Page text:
All good things come to an end and in this case, it's the conclusion to the scintillating History cycle carefully overseen by director Gregory Doran over the past decade for the Royal Shakespeare Company(RSC).
Richard III brings the Wars of the Roses to a conclusion
Its beginnings of David Tennant as Richard II in a pre-covid world of 2012 may seem an age ago as the English civil war reaches its bloody climax in Richard III.
This is by far the wittiest in the latest series of plays; continuing on from Henry VI:Rebellion and Wars of the Roses with the same cast. It heralds the long-awaited moment for Arthur Hughes to take centre stage as the dastardly Richard, Duke of Gloucester.
Hughes stole the limelight many times in the previous two plays but he wonderfully ramps up Richard's ruthlessness to a whole other level in his latest outing. This talented actor makes it easy to see why Dicky ended up forgotten under a Leicester car park.
This fresh new RSC production of Richard III from Doran is on at Stratford-upon-Avon's Royal Shakespeare Theatre until October 8.
Hughes is the first disabled actor to play Richard for the RSC which goes some way towards an authentic representation of this character (who forensic tests have found had scoliosis of the spine). But what's special about Hughes is how he makes the power-hungry Duke both villainous but likeable.
He nurtures an easy rapport with the audience and his comical approach to Richard's bad deeds verges on satire. That said, there's a gravitas too where you're keenly aware that this is a murderous rule-breaker who thinks nothing of the rising body count.
A child killer among his many crimes, Richard's blood-thirsty nature is reflected well by the red shadows looming over the stage. It's a stark set, apart from a menacing stone cenotaph that acts as a constant reminder of the battles. Maybe a little more on stage wouldn't have gone amiss.
Minnie Gale returns as the vivacious former queen Margaret
The throne - a constant in all the History cycle plays -makes a welcome return as does tremendous Minnie Gale. She once again brings out the eccentricities of former Queen Margaret with a flourish.
Witch-like and stooped over with flowing long grey hair, we see fiery Margaret stalk her enemies even in old age, cursing all the main players with glee until she gets her retribution.
A new addition to the cast is Rosie Sheehy as Lady Anne who Richard sets his sights on. Sheehy you may remember as the refreshing impressive lead in King John. She's overshadowed this time around however by a strong line-up that includes Claire Benedict and Kirsty Bushel. There are some particularly strong comedy performances too.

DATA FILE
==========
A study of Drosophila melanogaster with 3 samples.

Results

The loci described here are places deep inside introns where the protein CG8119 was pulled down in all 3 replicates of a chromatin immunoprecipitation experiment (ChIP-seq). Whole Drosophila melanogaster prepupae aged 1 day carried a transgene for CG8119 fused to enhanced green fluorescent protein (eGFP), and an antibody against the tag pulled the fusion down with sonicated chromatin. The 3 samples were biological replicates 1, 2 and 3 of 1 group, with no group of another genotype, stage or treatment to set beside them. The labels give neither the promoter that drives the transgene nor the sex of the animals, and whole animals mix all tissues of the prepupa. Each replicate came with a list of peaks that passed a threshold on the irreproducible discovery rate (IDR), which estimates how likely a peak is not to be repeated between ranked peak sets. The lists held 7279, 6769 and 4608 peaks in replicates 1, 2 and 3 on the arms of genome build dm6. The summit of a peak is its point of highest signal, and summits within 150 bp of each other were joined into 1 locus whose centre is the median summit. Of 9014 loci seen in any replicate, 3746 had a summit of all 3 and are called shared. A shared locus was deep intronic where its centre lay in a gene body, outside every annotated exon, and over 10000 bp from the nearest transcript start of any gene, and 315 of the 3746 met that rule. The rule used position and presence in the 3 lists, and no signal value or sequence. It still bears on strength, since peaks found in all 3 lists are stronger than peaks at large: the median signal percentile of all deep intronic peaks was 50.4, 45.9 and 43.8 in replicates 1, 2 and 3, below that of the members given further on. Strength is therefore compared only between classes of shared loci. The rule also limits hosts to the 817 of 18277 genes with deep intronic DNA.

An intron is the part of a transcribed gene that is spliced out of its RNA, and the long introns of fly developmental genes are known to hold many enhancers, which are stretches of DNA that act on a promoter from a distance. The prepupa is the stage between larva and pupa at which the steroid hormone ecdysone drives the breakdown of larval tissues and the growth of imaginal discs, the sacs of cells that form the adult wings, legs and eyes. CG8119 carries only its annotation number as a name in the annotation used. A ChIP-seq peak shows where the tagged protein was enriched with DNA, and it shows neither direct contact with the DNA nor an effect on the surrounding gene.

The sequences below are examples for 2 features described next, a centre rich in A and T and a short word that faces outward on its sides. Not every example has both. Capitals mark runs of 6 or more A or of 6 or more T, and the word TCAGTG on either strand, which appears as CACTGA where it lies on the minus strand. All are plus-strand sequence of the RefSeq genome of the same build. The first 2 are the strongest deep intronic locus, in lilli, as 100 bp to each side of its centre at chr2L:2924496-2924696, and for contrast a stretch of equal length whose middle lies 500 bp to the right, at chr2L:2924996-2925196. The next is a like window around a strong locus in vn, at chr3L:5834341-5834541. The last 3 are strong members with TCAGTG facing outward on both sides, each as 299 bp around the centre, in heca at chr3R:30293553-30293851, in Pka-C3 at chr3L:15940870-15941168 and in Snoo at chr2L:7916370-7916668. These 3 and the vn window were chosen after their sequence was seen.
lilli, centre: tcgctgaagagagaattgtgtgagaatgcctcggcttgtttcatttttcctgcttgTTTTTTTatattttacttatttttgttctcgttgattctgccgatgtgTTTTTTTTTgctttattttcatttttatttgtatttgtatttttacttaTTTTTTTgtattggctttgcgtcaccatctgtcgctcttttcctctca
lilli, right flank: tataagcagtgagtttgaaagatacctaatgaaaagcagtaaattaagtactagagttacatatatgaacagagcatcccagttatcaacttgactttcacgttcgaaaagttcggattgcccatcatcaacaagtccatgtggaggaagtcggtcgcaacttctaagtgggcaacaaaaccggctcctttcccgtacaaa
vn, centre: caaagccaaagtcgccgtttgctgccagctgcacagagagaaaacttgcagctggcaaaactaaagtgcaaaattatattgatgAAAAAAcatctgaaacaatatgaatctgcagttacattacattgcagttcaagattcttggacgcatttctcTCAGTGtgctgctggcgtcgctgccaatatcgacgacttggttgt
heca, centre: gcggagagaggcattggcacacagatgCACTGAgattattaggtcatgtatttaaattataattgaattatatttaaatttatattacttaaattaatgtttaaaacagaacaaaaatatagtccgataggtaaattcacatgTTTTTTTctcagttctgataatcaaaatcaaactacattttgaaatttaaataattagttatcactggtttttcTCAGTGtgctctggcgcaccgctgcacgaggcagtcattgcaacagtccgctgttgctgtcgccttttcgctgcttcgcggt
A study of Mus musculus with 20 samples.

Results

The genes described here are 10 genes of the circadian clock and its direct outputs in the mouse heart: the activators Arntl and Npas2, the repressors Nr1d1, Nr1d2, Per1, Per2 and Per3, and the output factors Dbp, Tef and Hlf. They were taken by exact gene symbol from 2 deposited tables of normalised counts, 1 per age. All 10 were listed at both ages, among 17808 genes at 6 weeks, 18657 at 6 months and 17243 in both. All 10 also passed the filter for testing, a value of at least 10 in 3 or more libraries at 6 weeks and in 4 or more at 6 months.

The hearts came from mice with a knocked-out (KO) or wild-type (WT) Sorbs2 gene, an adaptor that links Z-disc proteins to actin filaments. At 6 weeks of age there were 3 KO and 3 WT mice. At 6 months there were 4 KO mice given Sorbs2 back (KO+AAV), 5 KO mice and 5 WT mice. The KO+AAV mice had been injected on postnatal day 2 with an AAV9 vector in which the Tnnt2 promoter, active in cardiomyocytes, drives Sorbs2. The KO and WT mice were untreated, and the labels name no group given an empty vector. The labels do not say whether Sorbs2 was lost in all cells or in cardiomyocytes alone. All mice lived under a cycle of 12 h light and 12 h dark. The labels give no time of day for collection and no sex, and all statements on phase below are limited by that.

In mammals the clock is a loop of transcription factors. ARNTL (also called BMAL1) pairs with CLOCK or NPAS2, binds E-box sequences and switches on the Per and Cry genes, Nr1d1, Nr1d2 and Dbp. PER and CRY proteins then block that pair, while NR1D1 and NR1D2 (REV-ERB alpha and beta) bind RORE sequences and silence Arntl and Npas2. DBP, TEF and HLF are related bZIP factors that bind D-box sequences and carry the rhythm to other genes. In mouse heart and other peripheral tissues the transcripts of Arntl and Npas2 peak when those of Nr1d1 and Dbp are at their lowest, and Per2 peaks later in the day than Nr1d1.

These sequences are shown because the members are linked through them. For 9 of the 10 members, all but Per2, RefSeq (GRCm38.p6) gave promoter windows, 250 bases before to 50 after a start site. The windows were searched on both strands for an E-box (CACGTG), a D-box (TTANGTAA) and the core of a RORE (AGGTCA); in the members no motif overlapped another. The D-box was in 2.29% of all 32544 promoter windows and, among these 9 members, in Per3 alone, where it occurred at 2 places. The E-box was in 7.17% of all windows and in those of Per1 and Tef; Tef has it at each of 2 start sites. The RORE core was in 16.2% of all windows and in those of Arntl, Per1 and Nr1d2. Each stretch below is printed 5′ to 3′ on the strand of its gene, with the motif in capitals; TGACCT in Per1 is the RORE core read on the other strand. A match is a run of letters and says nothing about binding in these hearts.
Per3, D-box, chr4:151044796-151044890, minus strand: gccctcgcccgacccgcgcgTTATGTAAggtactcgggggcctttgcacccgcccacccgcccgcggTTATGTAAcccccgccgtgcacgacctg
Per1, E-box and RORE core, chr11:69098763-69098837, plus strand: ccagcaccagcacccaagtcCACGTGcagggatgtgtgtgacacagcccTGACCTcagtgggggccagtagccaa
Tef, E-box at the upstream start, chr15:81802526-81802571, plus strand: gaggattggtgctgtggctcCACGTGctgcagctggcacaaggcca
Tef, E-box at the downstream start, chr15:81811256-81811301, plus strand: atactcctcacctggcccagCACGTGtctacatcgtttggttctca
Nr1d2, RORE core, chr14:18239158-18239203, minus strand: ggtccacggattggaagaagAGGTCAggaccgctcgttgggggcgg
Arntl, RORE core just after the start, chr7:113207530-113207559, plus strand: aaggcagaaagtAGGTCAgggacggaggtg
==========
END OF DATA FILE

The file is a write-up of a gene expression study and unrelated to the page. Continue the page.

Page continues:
Connor Glean is part of a comedic double act of murderers
Doran does go big on the humour, even making Richard's hired killers a hilarious double act (Joeravar Sangha and Connor Glean).
It's only towards the end that he changes the tempo when Richard's enablers one by one realise the folly of their actions and it just isn't funny anymore.
How they have played their parts in creating a monster is never more apparent than the transformation in fortunes of Lord Hastings and Buckingham. It leaves a lump in the throat as actors Micah Balfour and Jamie Wilkes respectively show every bit of Hastings' and Buckingham's raw, devastated emotions.
The battle scenes lift the production to a romping finale during a closing 20 minutes with renewed energy. The video camera seen in Wars of the Roses returns to beef up the visuals.
The highlight, however, is the stunningly vivid imagery creating Richard's dream and then his horse from all those key figures he has killed along the way. It's ingenious, atmospheric and the reason we come to see live theatre.
Doran has seen his pet project through to a satisfying ending with this impressive Richard III. This accomplished production is brimming with delicious black humour but most of all, in Hughes, it has a star turn from one of the RSC's most exciting new talents.